Chemical company Freedom Industries was fined by OSHA solely for endangering its employees. Environmental fines are still to come.
July 9, 2014, 9:45pm
Photo by Foo Conner

It’s been six months since a chemical spill in West Virginia left 300,000 people without access to safe tap water for nearly a week, and the company responsible is finally starting to suffer the consequences… sort of.

Freedom Industries, the company responsible for the 10,000 gallon chemical spill into the Elk River, has just been fined $11,000 by the Occupational Safety and Health Administration (OSHA).


OSHA first investigated the Freedom Industries facility the day after the spill in January. On July 3, OSHA cited the company for two violations, fining them $7,000 for using storage tanks of crude MCHM — a virtually untested, potentially toxic chemical used for cleaning coal — behind a diked wall that was not liquid tight, and $4,000 for having no railings on an elevated platform. Freedom Industries was also cited for mislabeling a chemical tank, but they were not fined.

The company declared bankruptcy shortly after the spill, which shielded them from potential lawsuits. There also haven't yet been any significant fines levied for the pollution itself.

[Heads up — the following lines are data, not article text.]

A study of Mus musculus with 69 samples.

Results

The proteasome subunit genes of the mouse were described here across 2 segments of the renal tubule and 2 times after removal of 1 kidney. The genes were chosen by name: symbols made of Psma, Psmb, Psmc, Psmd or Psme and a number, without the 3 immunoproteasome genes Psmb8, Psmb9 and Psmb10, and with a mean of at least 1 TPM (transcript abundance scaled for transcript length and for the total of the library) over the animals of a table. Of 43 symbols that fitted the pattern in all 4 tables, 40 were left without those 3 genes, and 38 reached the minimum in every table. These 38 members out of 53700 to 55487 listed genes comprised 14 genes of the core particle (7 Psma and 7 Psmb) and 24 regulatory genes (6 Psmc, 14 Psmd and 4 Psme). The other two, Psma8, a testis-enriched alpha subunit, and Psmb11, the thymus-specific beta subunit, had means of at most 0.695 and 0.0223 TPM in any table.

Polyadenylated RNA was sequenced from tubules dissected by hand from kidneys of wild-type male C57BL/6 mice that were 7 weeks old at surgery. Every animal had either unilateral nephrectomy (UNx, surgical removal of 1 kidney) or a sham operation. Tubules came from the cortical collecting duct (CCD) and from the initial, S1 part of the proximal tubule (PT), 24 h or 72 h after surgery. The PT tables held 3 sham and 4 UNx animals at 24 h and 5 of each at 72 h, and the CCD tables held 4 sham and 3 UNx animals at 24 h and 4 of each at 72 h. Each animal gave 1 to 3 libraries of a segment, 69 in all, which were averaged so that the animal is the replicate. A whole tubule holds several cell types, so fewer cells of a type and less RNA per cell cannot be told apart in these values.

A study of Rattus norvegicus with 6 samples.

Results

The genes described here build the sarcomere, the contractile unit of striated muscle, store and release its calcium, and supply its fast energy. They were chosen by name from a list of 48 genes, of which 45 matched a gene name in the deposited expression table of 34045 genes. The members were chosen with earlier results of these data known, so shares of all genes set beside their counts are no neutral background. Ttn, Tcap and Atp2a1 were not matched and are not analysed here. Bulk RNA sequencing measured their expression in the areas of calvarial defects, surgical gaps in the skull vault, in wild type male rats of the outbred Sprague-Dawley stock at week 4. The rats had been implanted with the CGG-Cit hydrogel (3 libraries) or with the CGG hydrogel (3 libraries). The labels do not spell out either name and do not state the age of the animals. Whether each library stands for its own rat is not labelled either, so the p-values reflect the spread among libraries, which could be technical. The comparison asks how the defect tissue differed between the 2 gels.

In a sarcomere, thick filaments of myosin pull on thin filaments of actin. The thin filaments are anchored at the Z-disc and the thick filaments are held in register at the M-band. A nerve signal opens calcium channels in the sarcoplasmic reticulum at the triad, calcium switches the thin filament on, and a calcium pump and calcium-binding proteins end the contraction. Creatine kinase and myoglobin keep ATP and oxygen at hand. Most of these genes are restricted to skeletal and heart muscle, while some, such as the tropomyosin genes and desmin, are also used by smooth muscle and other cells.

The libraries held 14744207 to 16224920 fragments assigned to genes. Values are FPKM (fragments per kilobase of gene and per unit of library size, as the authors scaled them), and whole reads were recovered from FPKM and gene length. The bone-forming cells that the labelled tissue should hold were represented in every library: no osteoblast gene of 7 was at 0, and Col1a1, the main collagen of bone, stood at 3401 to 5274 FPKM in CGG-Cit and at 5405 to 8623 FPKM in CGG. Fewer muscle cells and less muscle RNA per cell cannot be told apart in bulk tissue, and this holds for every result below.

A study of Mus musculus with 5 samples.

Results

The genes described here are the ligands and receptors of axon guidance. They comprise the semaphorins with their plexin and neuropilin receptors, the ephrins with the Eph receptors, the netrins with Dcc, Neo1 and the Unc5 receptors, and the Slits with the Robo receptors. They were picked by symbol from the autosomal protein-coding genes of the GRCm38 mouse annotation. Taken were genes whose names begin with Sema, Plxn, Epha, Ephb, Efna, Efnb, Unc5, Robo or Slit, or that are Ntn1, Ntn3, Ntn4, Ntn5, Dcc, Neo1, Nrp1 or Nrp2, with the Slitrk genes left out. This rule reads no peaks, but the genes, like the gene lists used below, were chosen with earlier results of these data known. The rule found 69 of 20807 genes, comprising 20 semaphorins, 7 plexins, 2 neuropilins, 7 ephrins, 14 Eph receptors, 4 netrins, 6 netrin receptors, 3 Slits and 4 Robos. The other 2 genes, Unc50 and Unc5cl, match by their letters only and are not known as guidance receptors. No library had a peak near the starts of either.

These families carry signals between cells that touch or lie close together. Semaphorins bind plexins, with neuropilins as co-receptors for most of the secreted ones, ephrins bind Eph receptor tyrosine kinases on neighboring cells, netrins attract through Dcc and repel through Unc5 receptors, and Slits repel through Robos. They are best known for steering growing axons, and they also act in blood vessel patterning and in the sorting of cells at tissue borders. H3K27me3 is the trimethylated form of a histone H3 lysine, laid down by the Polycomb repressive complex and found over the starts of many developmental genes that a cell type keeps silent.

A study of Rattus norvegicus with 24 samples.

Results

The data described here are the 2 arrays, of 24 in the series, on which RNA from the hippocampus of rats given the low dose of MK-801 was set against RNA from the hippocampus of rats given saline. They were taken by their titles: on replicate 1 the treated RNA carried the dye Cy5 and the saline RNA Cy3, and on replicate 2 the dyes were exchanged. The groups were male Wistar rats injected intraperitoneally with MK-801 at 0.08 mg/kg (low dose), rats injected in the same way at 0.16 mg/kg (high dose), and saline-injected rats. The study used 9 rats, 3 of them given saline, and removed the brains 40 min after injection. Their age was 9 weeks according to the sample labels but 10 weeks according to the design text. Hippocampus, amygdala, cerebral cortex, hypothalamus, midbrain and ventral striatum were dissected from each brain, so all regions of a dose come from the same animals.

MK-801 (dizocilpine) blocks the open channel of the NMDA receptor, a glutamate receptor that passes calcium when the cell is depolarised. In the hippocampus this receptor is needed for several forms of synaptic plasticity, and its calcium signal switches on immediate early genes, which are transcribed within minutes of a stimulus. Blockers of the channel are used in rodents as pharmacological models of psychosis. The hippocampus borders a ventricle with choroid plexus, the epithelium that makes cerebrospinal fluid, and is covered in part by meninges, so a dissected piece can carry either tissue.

'OSHA isn’t charged with protecting the environment or the citizens or the public. Their sole jurisdiction is protecting employees.'

However, contrary to what several outlets have reported, these citations are specifically for endangering the safety of Freedom Industries workers — not for the spill and its effect on thousands of West Virginians.

“OSHA isn’t charged with protecting the environment or the citizens or the public,” said Shell Bleiweiss, an attorney who specializes in OSHA and environmental law. “Their sole jurisdiction is protecting employees, so this is not an unusually low fine from OSHA in that context.”



In 2013, the average penalty for a serious OSHA violation was $1,895, according to a May report from the AFL-CIO.

So will Freedom Industries ever be fined for the chemical spill itself? West Virginia’s Department of Environmental Protection (DEP) and the US Environmental Protection Agency may levy fines, and “those penalties tend to be much higher, dollar-wise, than OSHA’s, just because of the statutory authority that those agencies have versus OSHA,” Bleiweiss said.


Freedom Industries declined to comment for this story.